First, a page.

In escalation of rhetoric, Moscow cites ‘real’ risk of nuclear war

In escalation of rhetoric, Moscow cites ‘real’ risk of nuclear war

Moscow accused Nato of engaging in a proxy battle against Russia by arming Ukraine, saying this had created a serious and real risk of nuclear war.

In a marked escalation of Russian rhetoric, Foreign Minister Sergei Lavrov was asked on state television about the importance of avoiding World War Three and whether the current situation was comparable to the 1962 Cuban Missile Crisis.

“The risks now are considerable,” Lavrov said, according to the ministry’s transcript of the interview.

“I would not want to elevate those risks artificially. Many would like that. The danger is serious, real. And we must not underestimate it,” Lavrov said.

“Nato, in essence, is engaged in a war with Russia through a proxy and is arming that proxy. War means war.”

Lavrov’s remarks came as US Secretary of Defence Lloyd Austin was set to convene a meeting of more than 40 countries at a German air base to discuss arming Ukraine to help it fight off Russia’s latest military assault in the east.

“The next several weeks will be very, very critical,” Chairman of the US Joint Chiefs of Staff Mark Milley told reporters travelling with him. “They need continued support in order to be successful on the battlefield. And that’s really the purpose of this conference.”

The aim is to coordinate aid that includes heavy weapons such as howitzer artillery, as well as killer drones and ammunition, General Milley said.

Ukraine’s Foreign Minister Dmytro Kuleba said he regarded Russia’s scaremongering as a sign of weakness.

Russia had lost its “last hope to scare the world off supporting Ukraine,” Kuleba wrote on Twitter after Lavrov’s interview. “This only means Moscow senses defeat.”


Britain also played down the Russian threat.

“Lavrov’s trademark over the course of 15 years or so that he has been the Russian foreign secretary has been that sort of bravado. I don’t think that right now there is an imminent threat of escalation,” Armed Services Minister James Heappey told BBC Television.

The US State Department on Monday approved the potential sale of $165 million worth of ammunition to Ukraine. The Pentagon said the package could include ammunition for howitzers, tanks and grenade launchers.

Moscow’s ambassador to Washington told the United States to halt shipments, warning Western weapons were inflaming the conflict.

Guterres to Moscow

US Secretary General Antonio Guterres was due in Moscow on Tuesday to meet President Vladimir Putin and Lavrov, the highest profile peace mission since the war began, although Western countries have said they have little hope of a breakthrough.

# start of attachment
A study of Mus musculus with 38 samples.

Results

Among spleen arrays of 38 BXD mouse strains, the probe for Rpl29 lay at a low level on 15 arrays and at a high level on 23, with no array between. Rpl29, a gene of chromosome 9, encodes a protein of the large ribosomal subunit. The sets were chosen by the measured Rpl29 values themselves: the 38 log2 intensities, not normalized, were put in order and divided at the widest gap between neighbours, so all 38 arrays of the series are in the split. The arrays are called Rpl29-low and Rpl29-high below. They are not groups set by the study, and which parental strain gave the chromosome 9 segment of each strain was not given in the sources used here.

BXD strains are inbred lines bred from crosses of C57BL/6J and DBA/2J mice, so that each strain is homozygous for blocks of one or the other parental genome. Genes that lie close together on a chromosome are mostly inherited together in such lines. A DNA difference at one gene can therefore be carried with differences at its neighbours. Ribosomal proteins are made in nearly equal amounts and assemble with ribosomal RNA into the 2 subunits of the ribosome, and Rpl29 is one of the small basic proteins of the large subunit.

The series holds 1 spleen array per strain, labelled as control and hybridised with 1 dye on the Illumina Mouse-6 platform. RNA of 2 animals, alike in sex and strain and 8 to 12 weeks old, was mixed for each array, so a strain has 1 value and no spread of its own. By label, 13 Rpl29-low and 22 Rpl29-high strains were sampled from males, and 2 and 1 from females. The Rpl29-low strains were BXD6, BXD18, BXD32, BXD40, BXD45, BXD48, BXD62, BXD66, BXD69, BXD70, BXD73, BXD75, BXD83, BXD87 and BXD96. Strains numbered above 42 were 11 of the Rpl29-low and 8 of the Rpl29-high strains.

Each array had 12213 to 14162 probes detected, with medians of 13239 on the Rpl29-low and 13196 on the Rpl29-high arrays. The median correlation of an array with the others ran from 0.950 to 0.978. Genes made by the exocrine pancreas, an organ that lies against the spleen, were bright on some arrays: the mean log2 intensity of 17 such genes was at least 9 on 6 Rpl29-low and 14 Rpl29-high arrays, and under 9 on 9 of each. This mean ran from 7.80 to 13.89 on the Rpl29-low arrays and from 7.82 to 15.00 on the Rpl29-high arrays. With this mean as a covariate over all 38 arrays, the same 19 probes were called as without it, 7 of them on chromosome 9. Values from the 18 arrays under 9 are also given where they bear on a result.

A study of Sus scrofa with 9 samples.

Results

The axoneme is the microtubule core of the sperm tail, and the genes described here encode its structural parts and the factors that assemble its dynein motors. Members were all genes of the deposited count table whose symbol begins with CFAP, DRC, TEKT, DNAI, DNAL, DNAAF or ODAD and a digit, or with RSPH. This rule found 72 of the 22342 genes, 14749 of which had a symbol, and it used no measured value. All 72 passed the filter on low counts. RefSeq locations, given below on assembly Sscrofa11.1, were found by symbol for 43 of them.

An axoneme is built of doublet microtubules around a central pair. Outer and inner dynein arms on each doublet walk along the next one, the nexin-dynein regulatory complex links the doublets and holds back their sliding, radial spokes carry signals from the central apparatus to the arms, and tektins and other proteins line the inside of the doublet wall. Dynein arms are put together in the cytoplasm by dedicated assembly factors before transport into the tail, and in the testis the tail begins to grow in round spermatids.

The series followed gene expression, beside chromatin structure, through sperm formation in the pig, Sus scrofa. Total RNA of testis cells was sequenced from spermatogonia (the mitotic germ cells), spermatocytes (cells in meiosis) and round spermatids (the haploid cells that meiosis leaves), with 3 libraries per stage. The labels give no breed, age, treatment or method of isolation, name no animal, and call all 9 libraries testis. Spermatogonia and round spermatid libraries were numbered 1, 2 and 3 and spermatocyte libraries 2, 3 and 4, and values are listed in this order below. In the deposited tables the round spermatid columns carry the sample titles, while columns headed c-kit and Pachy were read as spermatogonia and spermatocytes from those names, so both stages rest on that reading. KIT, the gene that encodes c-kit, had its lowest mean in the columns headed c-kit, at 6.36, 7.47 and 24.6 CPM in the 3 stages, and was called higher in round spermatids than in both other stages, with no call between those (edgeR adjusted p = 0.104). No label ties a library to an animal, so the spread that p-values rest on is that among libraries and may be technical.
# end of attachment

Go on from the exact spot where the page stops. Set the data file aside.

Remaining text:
Russia’s two-month-old invasion of Ukraine has left thousands dead or injured, reduced towns and cities to rubble, and forced more than five million people to flee abroad.

Moscow calls its actions a “special operation” to disarm Ukraine and protect it from fascists. Ukraine and the West call this a false pretext for an unprovoked war of aggression.

War rages in South, East

Russia has yet to capture any of Ukraine’s biggest cities. Its huge invasion force was forced to pull back from the outskirts of Kyiv in the face of stiff resistance last month. But it has since announced new war aims to focus mainly on the east, and sent more troops there for an assault on two provinces where it has backed a separatist revolt.

“It is obvious that every day — and especially today, when the third month of our resistance has begun — that everyone in Ukraine is concerned with peace, about when it will all be over,” President Volodymyr Zelenskiy said late on Monday.

“There is no simple answer to that at this time.”

Ukraine’s general staff said on Tuesday that Russia’s offensive continued in the eastern Kharkiv region with Russian forces trying to advance towards a village called Zavody.

While focusing on the east and south, Russia has also been striking targets in other parts of Ukraine with missiles and air strikes. Its defence ministry said it had destroyed six facilities powering railways used to deliver foreign weapons to Ukrainian forces.

The head of Ukraine’s state rail company said one railway worker had been killed and four injured by Russian missile strikes on five railway stations on Monday.

Ukrainian forces have repelled five Russian attacks and killed just over 200 Russian servicemen, said the Ukrainian military command in the southern and eastern sectors. Five tanks were also destroyed, along with eight armoured vehicles, it said in a statement. The reports could not be verified.

Russia is probably attempting to encircle heavily fortified Ukrainian positions in the country’s east, the British military said in an update on Tuesday.

Reports say the town of Kreminna has fallen, with heavy fighting in the south of the city of Izyum, as Russian forces try to advance towards the cities of Sloviansk and Kramatorsk, Britain’s defence ministry said on Twitter.


The governor of Russia’s Belgorod border province, Vyacheslav Gladkov, said Ukraine had fired on two villages across the frontier and at least two people were wounded.

560 fighters killed

Russia pummelled Ukraine with missiles, aircraft and artillery overnight, killing at least 560 Ukrainian fighters and destroying dozens of armoured vehicles, rocket systems and other military equipment, the defence ministry said.

Russian aircraft struck 87 different military installations while rockets and artillery rained down on Ukrainian positions, destroying S-300 missile systems, a Tochka U short-range ballistic missile system, BUK-M1 and Osa-AKM missile systems.

“About 500 enemy personnel, 59 armoured vehicles, artillery guns and cars were destroyed, as well as more than 60 militants of the nationalist ‘Donbas’ group in the Donetsk People’s Republic,” the defence ministry said.